Early Friday morning unidentified assailants infiltrated the base in the city and attacked an army base nearby. A series of recent attacks and kidnappings in West Africa have put the region on edge.

by VICE News and Reuters
Feb 5 2016, 4:56pm

Photo by Adama Diarra/Reuters

Unknown assailants attacked and withdrew inside a United Nations police base in the Malian city of Timbuktu on Friday morning, the United Nations said, with the morning assault coming on the heels of recent attacks on foreign entities in Mali and West Africa.

The attackers drove up to the entrance of the UN base in the former Hotel Palmeraie at around 6:30am local time and then blew up their vehicle, according to Olivier Salgado, a spokesman for the UN peacekeeping mission in Mali (MINUSMA). A checkpoint in the city operated by Mali's army also came under fire.

"An unknown number of assailants have withdrawn inside the camp. An operation is currently under way with Malian and MINUSMA forces," he said, adding that an injured police officer had been evacuated.

There were no city residents staying at the base, which lies near the entrance of Timbuktu, and a Nigerian police contingent had reportedly been in charge of the site, a military source told Reuters. Salgado said the site was empty at the time of the attack, except for a few guards on duty.

The Malian army checkpoint was attacked by gunman simultaneously at the same time in the city's Kabara neighborhood, located near the airport. It was not immediately clear if there were any casualties.

No one has claimed responsibility for Friday's attack, but Islamist militants, who briefly held the city of Timbuktu in 2012 until French forces drove them out, have stepped up activities in Mali in recent months as part of a growing regional insurgency. Last month, al Qaeda fighters seized a Swiss missionary living there and set conditions for her release. 

Related: Threatened by Militias and Traffickers, Mali's Desert Elephants Could Be Extinct in 3 Years

On a Friday morning in November, gunmen stormed into the Radisson Blu hotel in the capital Bamako and opened fire, kicking off a bloody siege that lasted for nine hours. The assailants kept the 170 staff and guests under siege in the hotel, typically considered a safe haven for foreign visitors. They killed 19 people, with six Russians, three Chinese, an American, a Belgian, a Senegalese, an Israeli, and at least six Malians among the victims.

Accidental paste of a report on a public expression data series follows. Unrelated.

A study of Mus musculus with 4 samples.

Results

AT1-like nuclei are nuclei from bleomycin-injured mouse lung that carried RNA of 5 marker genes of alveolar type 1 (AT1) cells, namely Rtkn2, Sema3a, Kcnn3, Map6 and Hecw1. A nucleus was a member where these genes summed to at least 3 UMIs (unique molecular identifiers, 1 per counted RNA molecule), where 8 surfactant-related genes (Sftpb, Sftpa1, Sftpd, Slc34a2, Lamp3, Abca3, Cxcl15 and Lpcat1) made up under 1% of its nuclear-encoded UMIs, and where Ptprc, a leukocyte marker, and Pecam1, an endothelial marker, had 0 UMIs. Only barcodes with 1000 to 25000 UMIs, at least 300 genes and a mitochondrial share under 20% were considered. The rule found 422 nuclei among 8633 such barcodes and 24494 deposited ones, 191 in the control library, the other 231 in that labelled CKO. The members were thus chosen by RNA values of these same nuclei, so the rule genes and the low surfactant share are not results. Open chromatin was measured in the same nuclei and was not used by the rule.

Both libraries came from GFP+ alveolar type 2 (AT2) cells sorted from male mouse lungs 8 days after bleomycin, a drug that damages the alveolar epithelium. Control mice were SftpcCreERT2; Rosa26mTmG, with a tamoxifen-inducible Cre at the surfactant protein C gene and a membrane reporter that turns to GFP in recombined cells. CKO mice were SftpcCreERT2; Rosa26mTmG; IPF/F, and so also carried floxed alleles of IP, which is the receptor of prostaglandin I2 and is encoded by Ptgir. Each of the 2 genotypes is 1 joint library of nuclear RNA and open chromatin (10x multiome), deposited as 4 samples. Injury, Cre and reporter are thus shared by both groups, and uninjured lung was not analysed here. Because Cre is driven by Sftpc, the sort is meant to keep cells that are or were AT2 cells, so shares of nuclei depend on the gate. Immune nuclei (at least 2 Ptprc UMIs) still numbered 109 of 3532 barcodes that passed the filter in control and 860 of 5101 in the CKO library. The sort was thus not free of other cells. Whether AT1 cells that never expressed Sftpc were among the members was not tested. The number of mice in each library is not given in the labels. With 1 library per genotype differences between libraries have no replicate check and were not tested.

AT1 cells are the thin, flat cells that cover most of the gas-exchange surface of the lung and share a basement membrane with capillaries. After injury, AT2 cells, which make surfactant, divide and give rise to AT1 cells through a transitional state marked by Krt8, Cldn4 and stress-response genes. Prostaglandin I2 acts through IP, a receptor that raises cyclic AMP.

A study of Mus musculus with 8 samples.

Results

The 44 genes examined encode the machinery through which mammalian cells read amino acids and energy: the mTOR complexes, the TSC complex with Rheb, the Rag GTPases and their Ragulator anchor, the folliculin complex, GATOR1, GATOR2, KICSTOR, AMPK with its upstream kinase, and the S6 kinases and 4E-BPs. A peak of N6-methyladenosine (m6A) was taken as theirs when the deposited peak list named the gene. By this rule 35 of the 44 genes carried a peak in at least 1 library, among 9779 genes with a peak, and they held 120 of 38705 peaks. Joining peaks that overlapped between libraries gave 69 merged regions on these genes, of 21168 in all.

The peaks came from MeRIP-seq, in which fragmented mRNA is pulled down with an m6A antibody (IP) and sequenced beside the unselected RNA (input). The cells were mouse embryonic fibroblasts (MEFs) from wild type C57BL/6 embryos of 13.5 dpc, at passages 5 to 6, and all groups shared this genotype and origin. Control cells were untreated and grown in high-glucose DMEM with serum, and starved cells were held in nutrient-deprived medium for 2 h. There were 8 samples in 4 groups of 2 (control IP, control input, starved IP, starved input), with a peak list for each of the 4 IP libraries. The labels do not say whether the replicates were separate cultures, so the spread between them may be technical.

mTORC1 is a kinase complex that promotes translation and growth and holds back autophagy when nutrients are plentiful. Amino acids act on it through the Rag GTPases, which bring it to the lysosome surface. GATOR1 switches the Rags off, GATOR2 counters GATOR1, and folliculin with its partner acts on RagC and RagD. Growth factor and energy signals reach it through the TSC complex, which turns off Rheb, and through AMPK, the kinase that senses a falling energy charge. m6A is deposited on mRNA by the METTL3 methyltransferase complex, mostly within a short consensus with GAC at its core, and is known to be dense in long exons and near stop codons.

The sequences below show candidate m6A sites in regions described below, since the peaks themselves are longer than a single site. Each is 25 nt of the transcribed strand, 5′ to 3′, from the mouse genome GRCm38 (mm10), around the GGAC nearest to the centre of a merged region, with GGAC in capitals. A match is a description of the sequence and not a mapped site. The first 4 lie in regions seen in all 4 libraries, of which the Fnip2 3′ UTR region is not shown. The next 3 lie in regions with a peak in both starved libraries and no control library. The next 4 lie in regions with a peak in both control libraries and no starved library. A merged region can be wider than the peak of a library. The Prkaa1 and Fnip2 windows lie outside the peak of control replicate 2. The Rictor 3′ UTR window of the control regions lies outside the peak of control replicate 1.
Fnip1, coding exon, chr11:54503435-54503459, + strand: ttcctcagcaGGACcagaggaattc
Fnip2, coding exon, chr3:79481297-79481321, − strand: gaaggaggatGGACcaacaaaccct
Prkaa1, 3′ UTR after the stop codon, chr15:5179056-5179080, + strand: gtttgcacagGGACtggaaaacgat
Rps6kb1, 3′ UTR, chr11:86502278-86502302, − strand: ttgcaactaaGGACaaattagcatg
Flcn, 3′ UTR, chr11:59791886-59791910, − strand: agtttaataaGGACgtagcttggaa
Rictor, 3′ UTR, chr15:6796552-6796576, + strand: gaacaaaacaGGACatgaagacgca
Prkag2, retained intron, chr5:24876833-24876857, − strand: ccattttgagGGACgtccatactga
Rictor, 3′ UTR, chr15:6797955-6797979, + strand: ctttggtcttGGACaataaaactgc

Mokhtar Belmokhtar group Al Mourabitoun claimed responsibility for the attack, saying on Twitter that it carried out the attack "with the participation" of al Qaeda in the Islamic Maghreb (AQIM). Malian jihadist group Macina Liberation Front (MLF) issued a dueling claim of responsibility. In August, MLF and Al-Mourabitoun made similar dueling claims to a deadly hotel siege in the central Malian town of Sévaré.

Al Mourabitoun, which recently pledged allegiance to al Qaeda in the Islamic Maghreb (AQIM), claimed responsibility for an attack in January on a hotel in Burkina Faso's capital Ouagadougou. The group took more than 170 hostages, killing 30 and injuring another 50 people at the four-star Splendid hotel. While this was the first militant attack in the capital city, the Islamist group said last May that it was holding a Romanian man who had been kidnapped from a mine in northern Burkina Faso the previous month.

Other countries in the region have been on edge since the series of hotel attacks. Senegal has rounded up and interrogated hundreds of people in an attempt to prevent any violence and part of a security campaign led by the national police. French officials allegedly issued warnings to governments in Senegal and Ivory Coast saying that militants were plotting to wage attacks in West Africa's cities, although the US embassy denied that there were any specific threats, saying it wanted to "unnecessary psychosis" over terrorism threats in the region.